Turnip is a popular root vegetable, though the root is not the most nutritious part of this plant. Turnips are good for you, but turnip greens are even better. We’ll look at both turnip greens and turnip nutrition.
The turnip is a low-carb, high-fibre root vegetable. While it is a root vegetable, it is actually part of the cruciferous family, along with broccoli, Brussels sprouts, and kale. That alone is a good sign that this is a plant you’ll want to have in your diet.
A 100g serving (approximately ¾ cup) contains low levels of many important nutrients. The root has 21mg of vitamin C, which is a good contribution to your daily requirement. It’s low in fat, but the fat it does have is a healthy blend of omega-3 and omega-6.
Turnip Greens Nutrition
While the turnip root may fill you, the greens are going to give you the high levels of nutrients you’ll want in your diet. A 100g serving (almost 2 cups) is going to supply you with high levels of vitamin A, vitamin C, and Vitamin K1. The greens also contain most important minerals in low levels.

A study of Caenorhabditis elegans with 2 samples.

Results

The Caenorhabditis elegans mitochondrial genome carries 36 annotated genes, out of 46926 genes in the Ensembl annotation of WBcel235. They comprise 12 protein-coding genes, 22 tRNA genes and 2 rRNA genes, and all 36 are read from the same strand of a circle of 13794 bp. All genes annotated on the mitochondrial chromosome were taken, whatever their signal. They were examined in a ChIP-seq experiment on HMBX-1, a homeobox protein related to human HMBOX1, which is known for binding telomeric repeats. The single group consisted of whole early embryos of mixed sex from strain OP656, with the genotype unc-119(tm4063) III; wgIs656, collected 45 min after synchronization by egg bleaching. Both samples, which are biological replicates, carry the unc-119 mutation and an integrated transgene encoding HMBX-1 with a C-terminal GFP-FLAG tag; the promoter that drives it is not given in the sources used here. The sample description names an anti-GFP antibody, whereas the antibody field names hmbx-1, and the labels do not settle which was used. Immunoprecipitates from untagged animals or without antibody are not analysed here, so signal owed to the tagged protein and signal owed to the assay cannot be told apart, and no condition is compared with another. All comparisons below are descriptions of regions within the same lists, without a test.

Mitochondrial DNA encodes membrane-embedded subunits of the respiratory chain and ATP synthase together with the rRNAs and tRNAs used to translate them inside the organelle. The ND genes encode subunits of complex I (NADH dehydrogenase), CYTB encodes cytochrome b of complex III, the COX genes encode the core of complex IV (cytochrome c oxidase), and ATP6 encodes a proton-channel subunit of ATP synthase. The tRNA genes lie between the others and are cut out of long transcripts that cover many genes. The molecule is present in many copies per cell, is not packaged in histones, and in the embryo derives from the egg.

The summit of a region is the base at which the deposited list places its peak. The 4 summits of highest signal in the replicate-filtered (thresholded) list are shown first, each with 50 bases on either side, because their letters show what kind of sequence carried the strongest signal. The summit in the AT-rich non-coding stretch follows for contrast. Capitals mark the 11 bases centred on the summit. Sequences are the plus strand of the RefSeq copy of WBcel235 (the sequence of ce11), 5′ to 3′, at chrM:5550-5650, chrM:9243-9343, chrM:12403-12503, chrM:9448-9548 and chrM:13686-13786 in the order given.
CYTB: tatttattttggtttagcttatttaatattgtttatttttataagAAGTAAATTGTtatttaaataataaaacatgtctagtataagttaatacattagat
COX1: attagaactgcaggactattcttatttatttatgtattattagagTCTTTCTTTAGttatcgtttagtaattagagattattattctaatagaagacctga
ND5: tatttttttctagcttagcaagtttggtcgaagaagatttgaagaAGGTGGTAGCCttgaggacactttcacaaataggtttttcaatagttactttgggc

Turnip greens are also a great source of antioxidants. Beta-carotene, lutein, and zeaxanthin are some of these important antioxidants. They have been shown to promote retinal health, which is important for anyone but especially for the aging population. Our eyes get damaged with time, so it is important to get nutrients that protect you from this damage. Antioxidants also help reduce the amount of oxidative stress and free radicals in the body. This can lower your risk of developing many diseases including diabetes.
While some might find the pungent flavour of this plant too sharp, it is this flavour that has been linked to reducing your risk of developing colon and rectal cancer. This bitter flavour comes from the glucosinolates. When you chew and ingest this important component, it has been shown to change enzyme activity and reduce DNA damage.
Studies have shown that eating vegetables like turnip reduces your risk of developing cancer and heart disease. Increased vegetable intake has shown a positive correlation with overall health and longevity.
Turnip greens take their time maturing. This veggie takes almost two years to grow. The first year the plant focuses on growing the root, and the next year it works on growing the nutrient-packed leaves. It’s a hardy plant that can survive through winter. You can normally find turnip greens at local farmers’ markets during the fall harvest months.
Turnips are a good example of a good WHOLE food. From leaf to root this is a healthy vegetable to keep in your diet.